A heavily pregnant woman has died following a fire at a block of flats in Essex, which police believe was started deliberately. The 30 year old, who has not yet been named, was taken to hospital with life-threatening injuries following the blaze at the flats in Balmoral Road, Southend on the evening of Saturday (7 May 2016).

Police have now confirmed that the woman, who was in the latter stages of her pregnancy, died from her injuries on Monday (9 May 2016). A further 14 people, including an eight-week-old baby, were evacuated from the ninth floor of the building while firefighters tackled the blaze.

Essex Police have now launched a murder investigation following the fire, which they are treating as suspicious. Senior investigating officer Al Pitcher, of the Kent and Essex Serious Crime Directorate, said: "This is a very sad and distressing incident, in which a young woman and her unborn child have lost their lives in tragic circumstances.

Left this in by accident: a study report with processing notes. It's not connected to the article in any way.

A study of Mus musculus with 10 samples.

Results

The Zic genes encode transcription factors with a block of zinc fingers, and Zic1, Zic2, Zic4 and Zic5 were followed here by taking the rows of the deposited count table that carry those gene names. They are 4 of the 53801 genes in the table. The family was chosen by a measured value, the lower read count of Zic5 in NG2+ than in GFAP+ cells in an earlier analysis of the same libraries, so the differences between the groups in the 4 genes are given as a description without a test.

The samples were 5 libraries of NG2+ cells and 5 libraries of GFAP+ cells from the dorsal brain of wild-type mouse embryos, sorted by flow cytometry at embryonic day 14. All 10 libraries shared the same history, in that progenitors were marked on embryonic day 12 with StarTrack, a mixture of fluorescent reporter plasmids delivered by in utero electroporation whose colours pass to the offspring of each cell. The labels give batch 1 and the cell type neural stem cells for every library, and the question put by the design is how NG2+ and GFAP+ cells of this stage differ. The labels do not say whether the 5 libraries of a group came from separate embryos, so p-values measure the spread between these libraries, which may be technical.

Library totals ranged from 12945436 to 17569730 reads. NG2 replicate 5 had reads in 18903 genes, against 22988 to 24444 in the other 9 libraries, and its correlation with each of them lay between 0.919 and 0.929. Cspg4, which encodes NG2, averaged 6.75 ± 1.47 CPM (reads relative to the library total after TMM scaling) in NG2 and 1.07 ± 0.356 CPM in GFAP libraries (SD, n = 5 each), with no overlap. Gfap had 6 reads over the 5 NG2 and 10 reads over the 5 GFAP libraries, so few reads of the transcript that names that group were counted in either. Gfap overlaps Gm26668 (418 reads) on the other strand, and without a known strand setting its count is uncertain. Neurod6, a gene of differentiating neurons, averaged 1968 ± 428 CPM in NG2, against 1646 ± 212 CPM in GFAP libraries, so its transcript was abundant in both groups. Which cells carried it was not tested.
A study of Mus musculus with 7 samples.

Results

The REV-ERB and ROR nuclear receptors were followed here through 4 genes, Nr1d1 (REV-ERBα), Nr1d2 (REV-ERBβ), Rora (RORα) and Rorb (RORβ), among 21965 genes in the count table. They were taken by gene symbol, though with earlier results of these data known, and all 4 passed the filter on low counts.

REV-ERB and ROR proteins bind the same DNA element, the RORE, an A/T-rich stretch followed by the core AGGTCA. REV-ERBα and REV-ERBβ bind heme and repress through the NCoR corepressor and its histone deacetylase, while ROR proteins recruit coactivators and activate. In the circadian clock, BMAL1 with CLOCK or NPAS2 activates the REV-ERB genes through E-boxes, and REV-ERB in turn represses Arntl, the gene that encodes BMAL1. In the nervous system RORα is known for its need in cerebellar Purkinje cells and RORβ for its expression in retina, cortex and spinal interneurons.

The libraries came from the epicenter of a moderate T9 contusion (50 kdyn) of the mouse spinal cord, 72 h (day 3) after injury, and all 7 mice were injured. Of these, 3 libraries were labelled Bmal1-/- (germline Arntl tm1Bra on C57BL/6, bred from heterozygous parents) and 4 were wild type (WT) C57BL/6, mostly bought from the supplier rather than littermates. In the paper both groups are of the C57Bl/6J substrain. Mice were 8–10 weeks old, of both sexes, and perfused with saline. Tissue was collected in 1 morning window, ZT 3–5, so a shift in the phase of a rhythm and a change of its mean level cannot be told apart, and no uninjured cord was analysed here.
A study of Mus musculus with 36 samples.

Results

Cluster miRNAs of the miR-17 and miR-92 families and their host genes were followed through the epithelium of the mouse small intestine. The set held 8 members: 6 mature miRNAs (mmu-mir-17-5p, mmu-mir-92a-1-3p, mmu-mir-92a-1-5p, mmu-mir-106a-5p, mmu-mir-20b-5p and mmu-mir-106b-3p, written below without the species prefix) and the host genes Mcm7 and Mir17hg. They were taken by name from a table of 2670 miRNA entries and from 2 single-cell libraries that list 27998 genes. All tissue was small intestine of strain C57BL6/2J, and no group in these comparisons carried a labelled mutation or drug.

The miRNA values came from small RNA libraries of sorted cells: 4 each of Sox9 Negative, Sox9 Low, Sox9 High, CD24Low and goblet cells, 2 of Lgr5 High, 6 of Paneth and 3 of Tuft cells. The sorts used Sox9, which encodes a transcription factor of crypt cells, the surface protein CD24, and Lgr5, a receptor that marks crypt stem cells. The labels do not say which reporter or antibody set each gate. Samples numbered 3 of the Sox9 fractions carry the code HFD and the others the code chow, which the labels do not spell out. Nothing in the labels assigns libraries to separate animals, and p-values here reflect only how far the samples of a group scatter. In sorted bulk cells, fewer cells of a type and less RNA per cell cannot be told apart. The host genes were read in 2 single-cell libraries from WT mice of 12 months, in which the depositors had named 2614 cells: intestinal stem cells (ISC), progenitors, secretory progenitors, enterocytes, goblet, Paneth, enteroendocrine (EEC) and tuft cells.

"Her family are now having to come to terms with their devastating loss. A number of other residents have also been left homeless as a result of this blaze. We would appeal for anyone with information about what happened that evening to please come forward and help us find those responsible for this fire.

"The fire was started in the communal area close to the victim's home on the ninth floor, and we are still exploring whether or not this was a targeted attack. We are reviewing CCTV as part of our extensive enquiries and are appealing for witnesses who saw anybody acting suspiciously in or around the block of flats around the time of the fire, or in the days leading up to the incident.

"Whoever was responsible may have suffered minor burns or have returned home with the smell of smoke on their clothes.

Six others were admitted to Southend University Hospital in total – one in a "serious" condition and five others suffering from minor smoke inhalation.

Those with any information have been asked to contact Essex Police on 101 or email scdappeals@essex.pnn.police.uk. They can also contact Crimestoppers on 0800 555111 and www.crimestoppers-uk.org.